Although a $15 minimum wage provision of the COVID stimulus bill was tossed aside in the U.S. Senate Thursday, union organizations in Colorado aren’t giving up hope.

The national minimum wage hike, included in the American Rescue Plan Act, was passed by the U.S. House but was declared by the Senate parliamentarian not to be allowed to be part of the larger stimulus package.

Democrats were hoping to keep it in the stimulus bill in order to make it easier to pass, since budget measures introduced through reconciliation need only a simple majority.

A separate, stand-alone bill, called the Raise the Wage Act, which would hike the minimum wage to $15, was introduced in Congress in January.

All the Colorado Democrats in the U.S. House co-sponsored the Raise the Wage Act, and Sen. Michael Bennet (D-CO) co-sponsored the Senate version of the bill.

So, among Colorado Democrats in Congress, this leaves Sen. John Hickenlooper as the outlier.

Hickenlooper ran his presidential campaign partly on his own initiative to raise the federal minimum wage. His plan called for staggering the wage increase across the nation based on living costs in each area.

“Senator Hickenlooper supports a $15 minimum wage and remains hopeful we can find a way to get that important measure across the finish line this Congress,” said a Hickenlooper spokesman in a statement.

But the senator, who also chairs the HELP Subcommittee on Employment and Workplace Safety, told the Wall Street Journal last week that he was concerned about the effects a $15 minimum wage would have on small businesses.

Today, local essential service workers rallied outside Hickenlooper’s office in Denver to demand that he show his support for the Raise the Wage Act and for a $15 federal minimum wage in general.

Lauren Martens, executive director of SEIU Colorado State Council, a union representing essential workers, told the Colorado Times Recorder that he thinks it “makes sense” for Hickenlooper to join his fellow Colorado Democrats and his caucus majority in supporting the Raise the Wage Act.

“We would like to see [Hickenlooper] cosponsor the bill, for sure,” said Martens. “And I think that’s part of the call from the action [today].”

Hilary Glasgow, executive director of Colorado WINS–a union that represents state employees–agrees that Hickenlooper needs to step up and stand by his fellow lawmakers.

“Coloradans across the state are now calling on Senator Hickenlooper to stand by his word to raise the federal minimum wage and to join Sen. Bennet and Reps Crow, DeGette, Neguse, and Perlmutter in sponsoring the Raise the Wage Act,” Glasgow told the Colorado Times Recorder. “Sen. Hickenlooper should stop hiding behind archaic processes and rules and do what’s right for Colorado and the rest of the country.”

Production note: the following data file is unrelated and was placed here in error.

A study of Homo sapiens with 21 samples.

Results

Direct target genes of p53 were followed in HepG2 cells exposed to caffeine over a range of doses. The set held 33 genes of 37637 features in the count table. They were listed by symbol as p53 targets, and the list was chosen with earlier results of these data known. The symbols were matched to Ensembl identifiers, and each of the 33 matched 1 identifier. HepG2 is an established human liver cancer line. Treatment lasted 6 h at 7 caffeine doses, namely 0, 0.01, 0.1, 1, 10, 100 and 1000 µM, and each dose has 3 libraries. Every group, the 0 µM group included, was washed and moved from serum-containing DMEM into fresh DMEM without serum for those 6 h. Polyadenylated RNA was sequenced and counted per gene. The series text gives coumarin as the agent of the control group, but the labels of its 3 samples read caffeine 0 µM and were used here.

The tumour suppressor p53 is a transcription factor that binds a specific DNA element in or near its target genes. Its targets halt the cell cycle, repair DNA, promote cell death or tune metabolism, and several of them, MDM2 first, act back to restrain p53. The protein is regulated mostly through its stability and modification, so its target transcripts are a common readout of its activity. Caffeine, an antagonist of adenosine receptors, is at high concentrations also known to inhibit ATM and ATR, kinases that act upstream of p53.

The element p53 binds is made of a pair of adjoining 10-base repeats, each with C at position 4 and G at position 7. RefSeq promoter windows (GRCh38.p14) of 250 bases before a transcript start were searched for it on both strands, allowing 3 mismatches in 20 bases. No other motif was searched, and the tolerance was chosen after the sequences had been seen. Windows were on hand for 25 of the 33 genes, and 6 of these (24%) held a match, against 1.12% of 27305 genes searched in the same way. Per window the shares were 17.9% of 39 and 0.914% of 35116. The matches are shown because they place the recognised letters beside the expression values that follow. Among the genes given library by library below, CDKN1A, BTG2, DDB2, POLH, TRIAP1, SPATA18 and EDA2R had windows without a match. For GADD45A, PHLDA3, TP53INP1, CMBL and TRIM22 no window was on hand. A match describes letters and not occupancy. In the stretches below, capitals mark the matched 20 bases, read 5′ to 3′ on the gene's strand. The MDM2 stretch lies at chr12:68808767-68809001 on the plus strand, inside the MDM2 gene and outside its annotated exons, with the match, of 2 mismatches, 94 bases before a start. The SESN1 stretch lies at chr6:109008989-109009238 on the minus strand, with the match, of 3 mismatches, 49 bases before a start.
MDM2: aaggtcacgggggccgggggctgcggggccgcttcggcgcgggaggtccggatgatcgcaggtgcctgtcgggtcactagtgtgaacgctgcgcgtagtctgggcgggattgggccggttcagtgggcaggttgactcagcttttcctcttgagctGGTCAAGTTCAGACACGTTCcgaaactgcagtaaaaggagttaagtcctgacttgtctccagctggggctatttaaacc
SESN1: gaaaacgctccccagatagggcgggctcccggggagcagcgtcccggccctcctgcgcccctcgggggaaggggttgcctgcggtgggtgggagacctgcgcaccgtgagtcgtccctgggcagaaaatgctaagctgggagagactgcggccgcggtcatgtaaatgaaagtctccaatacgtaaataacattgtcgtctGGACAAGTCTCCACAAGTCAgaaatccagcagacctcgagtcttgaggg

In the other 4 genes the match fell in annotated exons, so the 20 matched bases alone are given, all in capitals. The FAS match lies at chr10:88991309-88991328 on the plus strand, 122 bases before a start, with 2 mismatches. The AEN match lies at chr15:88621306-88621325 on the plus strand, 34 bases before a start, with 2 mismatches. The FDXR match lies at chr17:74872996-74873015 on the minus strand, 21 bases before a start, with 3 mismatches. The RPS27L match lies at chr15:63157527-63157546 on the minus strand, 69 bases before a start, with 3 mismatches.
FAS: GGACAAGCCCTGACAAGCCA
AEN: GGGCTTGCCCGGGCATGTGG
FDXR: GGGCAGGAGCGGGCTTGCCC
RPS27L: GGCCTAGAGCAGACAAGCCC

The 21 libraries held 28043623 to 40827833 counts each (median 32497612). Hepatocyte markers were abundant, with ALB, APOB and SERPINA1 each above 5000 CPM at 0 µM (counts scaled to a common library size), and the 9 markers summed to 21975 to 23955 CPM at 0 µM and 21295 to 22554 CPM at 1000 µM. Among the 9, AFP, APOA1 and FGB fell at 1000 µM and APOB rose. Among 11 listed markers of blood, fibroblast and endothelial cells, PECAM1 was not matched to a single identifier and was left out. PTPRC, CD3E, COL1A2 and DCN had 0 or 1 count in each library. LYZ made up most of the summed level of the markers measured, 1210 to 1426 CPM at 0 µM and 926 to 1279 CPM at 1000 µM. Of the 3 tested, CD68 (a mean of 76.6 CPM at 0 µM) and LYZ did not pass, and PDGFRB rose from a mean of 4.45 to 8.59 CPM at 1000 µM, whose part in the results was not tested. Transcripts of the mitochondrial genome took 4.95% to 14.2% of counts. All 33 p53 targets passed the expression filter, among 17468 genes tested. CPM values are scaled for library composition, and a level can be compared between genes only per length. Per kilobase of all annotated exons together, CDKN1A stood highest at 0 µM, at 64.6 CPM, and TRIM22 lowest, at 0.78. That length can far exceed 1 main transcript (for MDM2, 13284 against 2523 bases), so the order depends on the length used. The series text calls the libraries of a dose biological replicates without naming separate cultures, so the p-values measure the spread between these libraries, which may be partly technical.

Despite the minimum wage provision being cut from the COVID stimulus bill, Martens is optimistic about the Raise the Wage Act.

“I think there’s a lot of commitment from folks to see how it can advance,” said Martens. “…The Raise the Wage Act has 37 co-sponsors, including Sen. Bennet for the first time, which is great.”

But the Democratic support for the Raise the Wage Act might not be enough.

According to Vermont Democratic Sen. Bernie Sanders, there’s little to no chance that any Republicans will vote in favor of a stand-alone bill to increase the minimum wage. And right now, Democrats have a fractured front when it comes to a $15 universal minimum wage by 2025.

Sanders has stated that he plans to force the Senate to vote this week on an amendment to the stimulus bill raising the minimum wage, ignoring the parliamentarian’s rule.

Either way, Democrats will need a united front to have any hope at all, and so Hickenlooper stands out.

Martens urged Colorado Democrats in Congress to do what they were elected to do.

“Our perspective is that they need to get it done. They need to figure out a way. And they campaigned on it,” Martens pointed out. “People need it, and as the president says, people who work full-time shouldn’t live in poverty, and it’s time to fix it. And there’s no excuse based on parliamentary procedure or outdated rules. It’s time to get it done.”

Wage workers were already in tight positions before, but the pandemic has brought societal inequalities to the surface, argues Martens. These inequalities, such as wage inequality, need to be addressed, he says.

“It’s 550,000 people [in Colorado] who would benefit from a raise of the minimum wage to the federal $15,” said Martens. “That would put about $800 million in people’s pockets to spend locally and boost our local economy. So it could be a real part of addressing the inequalities that COVID has exposed even more deeply, and creating a stronger foundation for our economy and for our society.”

It only seems fair, argues Glasgow, that the workers who have served us the most this past year be given a fair wage to keep our economy functioning.

“It’s time we put workers who have helped us get through this pandemic at the center of the economic recovery,” said Glasgow. “Raising the federal minimum wage to $15 an hour is the most immediate way to direct money to the people who need it the most: low-wage essential workers like grocery clerks, custodians, delivery drivers, and others who have kept our communities running over the past year.”

UPDATED March 3 with a statement from Hickenlooper’s office.